Critically acclaimed author Melissa Kantor masterfully captures the joy of friendship, the agony of loss, and the unique experience of being a teenager in this poignant new novel about a girl grappling with her best friend’s life-threatening illness.
Zoe and her best friend, Olivia, have always had big plans for the future, none of which included Olivia getting sick. Still, Zoe is determined to put on a brave face and be positive for her friend.
Even when she isn’t sure what to say.
Even when Olivia misses months of school.
Even when Zoe starts falling for Calvin, Olivia’s crush.
The one thing that keeps Zoe moving forward is knowing that Olivia will beat this, and everything will go back to the way it was before. It has to. Because the alternative is too terrifying for her to even imagine.
In this incandescent page-turner, which follows in the tradition of The Fault in Our Stars, Melissa Kantor artfully explores the idea that the worst thing to happen to you might not be something that is actually happening to you. Raw, irreverent, and honest, Zoe’s unforgettable voice and story will stay with readers long after the last page is turned.
Friendship is loyalty. Friendship is trust.
Sometimes, life get’s hard.
Sometimes, we are dealt what we think are the worst cards only for them to end up much, much worse than so.
Sometimes, we have to deal.
Sometimes, I also read horribly depressing books and end up in these horrible funks that seem to go on for ages and I know now that I’ve finished Maybe One Day I’m going to be in one for a while, but this is bittersweet. Bittersweet, indeed.
That’s what Maybe One Day is, bittersweet, and heartrendingly touching.
This book really opens your eyes to the sad, but sometimes beautiful, obstacles life throws at some very special people. I loved the feeling I had while reading this that there was an inseparable bond between Olivia and Zoe that not even death could tear at. This pair was so lovable and I loved how the apparent will to just live was so present between them. There was so much selfless love here and it had me crying more than once. I wanted to bundle both these girls in my arms and wish everything well, but I couldn’t, I couldn’t, I couldn’t.
Maybe One Day is not a love story. Yes, there’s romance and a beautifully supportive boy named Calvin who’s both parts understanding and gentle, and yes, he’s great for Zoe and Zoe is just lovely for him, but this is not a love story. Calvin and Zoe are a side story; another tale for another time. If you want a love story, one that rocks your world and makes you question life itself, wrong book, not what you’re here for.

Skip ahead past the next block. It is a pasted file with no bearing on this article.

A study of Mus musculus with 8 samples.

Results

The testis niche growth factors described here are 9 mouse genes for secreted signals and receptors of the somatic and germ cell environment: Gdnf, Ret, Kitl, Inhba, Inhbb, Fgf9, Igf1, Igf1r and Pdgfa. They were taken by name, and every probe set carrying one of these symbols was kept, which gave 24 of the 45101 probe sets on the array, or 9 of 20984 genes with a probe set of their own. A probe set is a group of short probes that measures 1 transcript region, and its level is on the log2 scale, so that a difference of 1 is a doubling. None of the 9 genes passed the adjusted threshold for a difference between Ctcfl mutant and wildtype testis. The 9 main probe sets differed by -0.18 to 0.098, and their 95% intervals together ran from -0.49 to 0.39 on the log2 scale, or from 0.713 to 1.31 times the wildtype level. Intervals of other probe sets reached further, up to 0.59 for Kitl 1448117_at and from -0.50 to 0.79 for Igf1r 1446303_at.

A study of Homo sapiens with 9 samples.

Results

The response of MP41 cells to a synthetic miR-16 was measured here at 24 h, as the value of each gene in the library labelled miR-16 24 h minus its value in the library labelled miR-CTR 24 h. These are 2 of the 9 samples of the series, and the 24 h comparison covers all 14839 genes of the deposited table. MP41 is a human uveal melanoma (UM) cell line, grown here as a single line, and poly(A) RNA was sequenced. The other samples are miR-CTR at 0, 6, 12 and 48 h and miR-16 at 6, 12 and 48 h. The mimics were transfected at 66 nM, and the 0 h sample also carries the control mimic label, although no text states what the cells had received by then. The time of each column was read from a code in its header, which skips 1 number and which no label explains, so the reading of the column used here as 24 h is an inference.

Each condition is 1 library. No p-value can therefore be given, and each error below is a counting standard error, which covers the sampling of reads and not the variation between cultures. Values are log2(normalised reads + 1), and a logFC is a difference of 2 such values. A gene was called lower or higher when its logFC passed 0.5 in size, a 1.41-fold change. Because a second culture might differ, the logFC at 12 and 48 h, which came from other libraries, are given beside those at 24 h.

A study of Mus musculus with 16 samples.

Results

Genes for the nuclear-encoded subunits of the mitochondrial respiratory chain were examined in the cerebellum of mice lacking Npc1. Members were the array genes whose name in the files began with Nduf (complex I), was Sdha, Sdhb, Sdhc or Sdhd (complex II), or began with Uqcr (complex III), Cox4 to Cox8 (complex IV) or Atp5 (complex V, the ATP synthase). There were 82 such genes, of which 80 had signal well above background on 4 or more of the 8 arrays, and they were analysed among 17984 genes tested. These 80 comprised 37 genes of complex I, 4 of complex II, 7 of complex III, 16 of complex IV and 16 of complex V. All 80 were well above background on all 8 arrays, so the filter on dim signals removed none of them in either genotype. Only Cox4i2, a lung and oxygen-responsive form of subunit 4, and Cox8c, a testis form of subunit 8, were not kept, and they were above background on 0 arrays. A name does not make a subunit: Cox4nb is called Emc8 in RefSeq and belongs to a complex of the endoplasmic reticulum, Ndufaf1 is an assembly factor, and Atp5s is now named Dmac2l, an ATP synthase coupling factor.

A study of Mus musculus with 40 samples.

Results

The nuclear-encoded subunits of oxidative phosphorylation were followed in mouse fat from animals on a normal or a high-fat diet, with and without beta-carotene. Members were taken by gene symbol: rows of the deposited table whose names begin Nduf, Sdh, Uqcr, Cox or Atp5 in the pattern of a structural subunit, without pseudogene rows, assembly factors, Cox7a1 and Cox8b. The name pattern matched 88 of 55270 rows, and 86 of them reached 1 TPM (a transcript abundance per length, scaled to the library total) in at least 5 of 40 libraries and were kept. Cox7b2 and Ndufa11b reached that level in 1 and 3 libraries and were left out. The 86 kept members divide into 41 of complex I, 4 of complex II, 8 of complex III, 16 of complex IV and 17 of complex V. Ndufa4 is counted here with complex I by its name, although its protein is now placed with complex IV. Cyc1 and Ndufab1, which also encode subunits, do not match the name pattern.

You’re here for the life, the want to explore and the inability to all against a ticking clock.
I tried to keep myself unattached from Maybe One Day. I’ve read The Fault in our Stars, If I Stay, The Book Thief, all the tear-jerking-worthy books you can name, and I knew how this would end. I knew it wouldn’t be good for my mind or my soul and I told myself to stay detached, but sometimes, unfortunately, that’s impossible, but it’s also, sometimes, a very good thing. Quoting one of my favorite Lumineers songs, ” it’s better to feel pain than nothing at all.”
I felt so much for this book. The tug and pull of friendship, the fight against cancer, the quarrels among the girls, the downfall of a family. There’s so, so much pain in this book, but there’s also so much depth and perspective.
Life is not perfect; not for anyone. There’s the constant state of a horribly dizzying roller coaster and the unexpected twists, turns, drops. There’s nothing we can do.
Sometimes life doesn’t need to be perfect for it to be worthwhile, and Melissa Kantor taught me that.
I want to keep this book forever in my heart and cherish it with all my might, and something tells me I will.
Read Maybe One Day because sometimes all we need is a little bit of hope.